It is nearly Christmas in Iceland, holiday visitors gathering for celebration at the Hotel Reykjavik. Santa is late, an excited group of guestís children awaiting his arrival; a young woman sent to fetch the recalcitrant Santa finds him brutally murdered, stabbed through the heart and in a compromising position. Crime is no respecter of holidays. Called to investigate, Detective Inspector Erlendur arrives with his assistants, Sigurdur Oli and Elinborg, both of whom have put holiday plans on hold to attend to their police duties.
Examining the spartan basement room of Gudlauger, the doorman-cum-annual Santa, Erlendur is stunned by the few material possessions and restricted circumstances of an employee many recognize but few have troubled to befriend. Later, Erlendur will discover that this solitary man was once the focus of national attention, enjoying a stunning, short-lived career as a child singer with an extraordinary voice.
The holiday season is painful for Erlendur as he considers the paucity of his own relationships. Long divorced, his closest connection is to his troubled daughter, an addict recently recovering from a traumatic loss and clinging desperately to sobriety.
Impulsively taking a room at the hotel for the duration of the investigation, Erlendur worries about his daughter. She is dangerously close to falling victim once more to her disease, flirting with the drugs that allow temporary respite but only yield more problems afterwards.
Sorting through the eccentric characters unearthed by the investigation, the focus of Erlendurís interest is on Gudlaugerís early years, the father and sister who have rejected him, and the recent visitors to the small, dank basement room.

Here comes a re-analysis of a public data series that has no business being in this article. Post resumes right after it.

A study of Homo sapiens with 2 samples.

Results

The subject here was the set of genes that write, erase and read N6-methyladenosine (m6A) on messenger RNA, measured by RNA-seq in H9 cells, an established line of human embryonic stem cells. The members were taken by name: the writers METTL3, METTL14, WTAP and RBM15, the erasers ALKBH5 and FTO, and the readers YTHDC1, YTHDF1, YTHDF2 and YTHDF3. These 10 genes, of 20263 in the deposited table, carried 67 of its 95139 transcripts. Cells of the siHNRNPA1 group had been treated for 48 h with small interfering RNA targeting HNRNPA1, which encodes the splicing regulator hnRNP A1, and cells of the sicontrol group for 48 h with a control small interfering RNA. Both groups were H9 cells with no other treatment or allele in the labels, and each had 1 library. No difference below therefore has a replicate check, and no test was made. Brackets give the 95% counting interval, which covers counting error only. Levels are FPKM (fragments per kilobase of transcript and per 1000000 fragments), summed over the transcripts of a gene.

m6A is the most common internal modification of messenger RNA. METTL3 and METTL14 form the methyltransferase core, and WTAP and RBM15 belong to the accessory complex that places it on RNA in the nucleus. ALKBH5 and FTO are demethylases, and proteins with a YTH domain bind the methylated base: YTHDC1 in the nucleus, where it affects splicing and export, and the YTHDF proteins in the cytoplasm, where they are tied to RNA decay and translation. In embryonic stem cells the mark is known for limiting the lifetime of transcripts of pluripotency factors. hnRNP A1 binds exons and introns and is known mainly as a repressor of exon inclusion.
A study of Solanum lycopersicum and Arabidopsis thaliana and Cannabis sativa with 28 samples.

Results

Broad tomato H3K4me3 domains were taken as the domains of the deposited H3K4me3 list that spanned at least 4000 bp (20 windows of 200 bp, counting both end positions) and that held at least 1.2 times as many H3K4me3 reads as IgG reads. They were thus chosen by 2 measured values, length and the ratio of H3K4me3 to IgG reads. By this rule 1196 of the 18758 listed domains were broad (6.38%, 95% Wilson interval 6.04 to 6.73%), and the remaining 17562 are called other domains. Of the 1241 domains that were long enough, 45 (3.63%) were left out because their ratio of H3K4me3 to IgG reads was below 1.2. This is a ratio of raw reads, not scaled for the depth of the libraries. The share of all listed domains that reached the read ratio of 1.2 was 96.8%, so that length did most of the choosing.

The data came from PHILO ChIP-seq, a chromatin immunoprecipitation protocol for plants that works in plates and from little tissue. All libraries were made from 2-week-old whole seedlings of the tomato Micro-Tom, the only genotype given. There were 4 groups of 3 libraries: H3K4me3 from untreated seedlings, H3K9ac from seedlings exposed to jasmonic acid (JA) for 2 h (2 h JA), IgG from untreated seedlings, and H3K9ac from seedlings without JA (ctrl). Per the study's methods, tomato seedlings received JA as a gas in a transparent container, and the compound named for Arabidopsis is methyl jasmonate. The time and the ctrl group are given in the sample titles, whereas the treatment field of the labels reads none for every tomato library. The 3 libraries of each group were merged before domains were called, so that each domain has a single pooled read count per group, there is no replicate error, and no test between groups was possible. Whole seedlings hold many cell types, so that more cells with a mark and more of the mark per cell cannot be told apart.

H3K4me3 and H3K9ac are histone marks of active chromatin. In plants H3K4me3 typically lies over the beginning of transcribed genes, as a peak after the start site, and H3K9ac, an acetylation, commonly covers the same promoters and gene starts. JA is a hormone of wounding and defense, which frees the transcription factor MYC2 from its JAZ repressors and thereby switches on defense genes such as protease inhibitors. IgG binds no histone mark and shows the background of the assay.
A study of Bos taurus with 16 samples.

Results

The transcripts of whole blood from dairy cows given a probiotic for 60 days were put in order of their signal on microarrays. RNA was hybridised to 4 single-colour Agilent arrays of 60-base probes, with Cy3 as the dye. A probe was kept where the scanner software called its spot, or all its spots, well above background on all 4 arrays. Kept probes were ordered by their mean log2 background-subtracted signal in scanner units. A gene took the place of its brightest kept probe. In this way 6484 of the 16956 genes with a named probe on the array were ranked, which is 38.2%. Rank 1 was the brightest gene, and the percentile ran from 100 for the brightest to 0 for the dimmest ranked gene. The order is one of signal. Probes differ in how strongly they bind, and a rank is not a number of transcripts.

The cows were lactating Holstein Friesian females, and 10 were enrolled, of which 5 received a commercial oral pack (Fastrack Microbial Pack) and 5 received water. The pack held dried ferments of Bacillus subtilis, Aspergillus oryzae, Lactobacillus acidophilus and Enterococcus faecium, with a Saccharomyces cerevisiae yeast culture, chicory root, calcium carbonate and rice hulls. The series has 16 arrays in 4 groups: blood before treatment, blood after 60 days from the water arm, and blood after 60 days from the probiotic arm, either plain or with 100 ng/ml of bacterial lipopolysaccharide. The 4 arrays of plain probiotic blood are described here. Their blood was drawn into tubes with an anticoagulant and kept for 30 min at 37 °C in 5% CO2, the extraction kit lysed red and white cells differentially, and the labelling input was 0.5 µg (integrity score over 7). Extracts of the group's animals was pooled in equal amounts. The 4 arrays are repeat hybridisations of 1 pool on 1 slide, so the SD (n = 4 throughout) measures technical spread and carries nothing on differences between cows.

Availing himself of the hotelís surplus equipment, Erlendur lies in his room at night, listening over and over to the haunting recordings of the magnificent voice of a young Gudlauger, reflecting on his own history and the failed opportunity of family relationships. Gradually the facts fall into place, yielding the killer and the motive.
The seduction of such a novel in an exotic locale is its universality and particularity, the cosmopolitan hotel and the very real individuals who people the story. This authorís talent lies in the accessibility of both situations and characters - particularly the inspector, who stumbles across an unexpected opportunity for romance while on the case, and the sad, troubled life of a promising young vocalist delivered into the obscurity of a job that renders him invisible to his coworkers.
The holidays invoking long-buried memories, Erlendur reassesses his life decisions as he sorts through Gudlaugerís troubled past and his sad, ignominious fate. Peppered with the quirky employees of the hotel, their turf battles and petty rivalries, Erlendur is exhausted by this cauldron of loss, disappointment, and rejection, tempered with brief bouts of hope in an often painful world.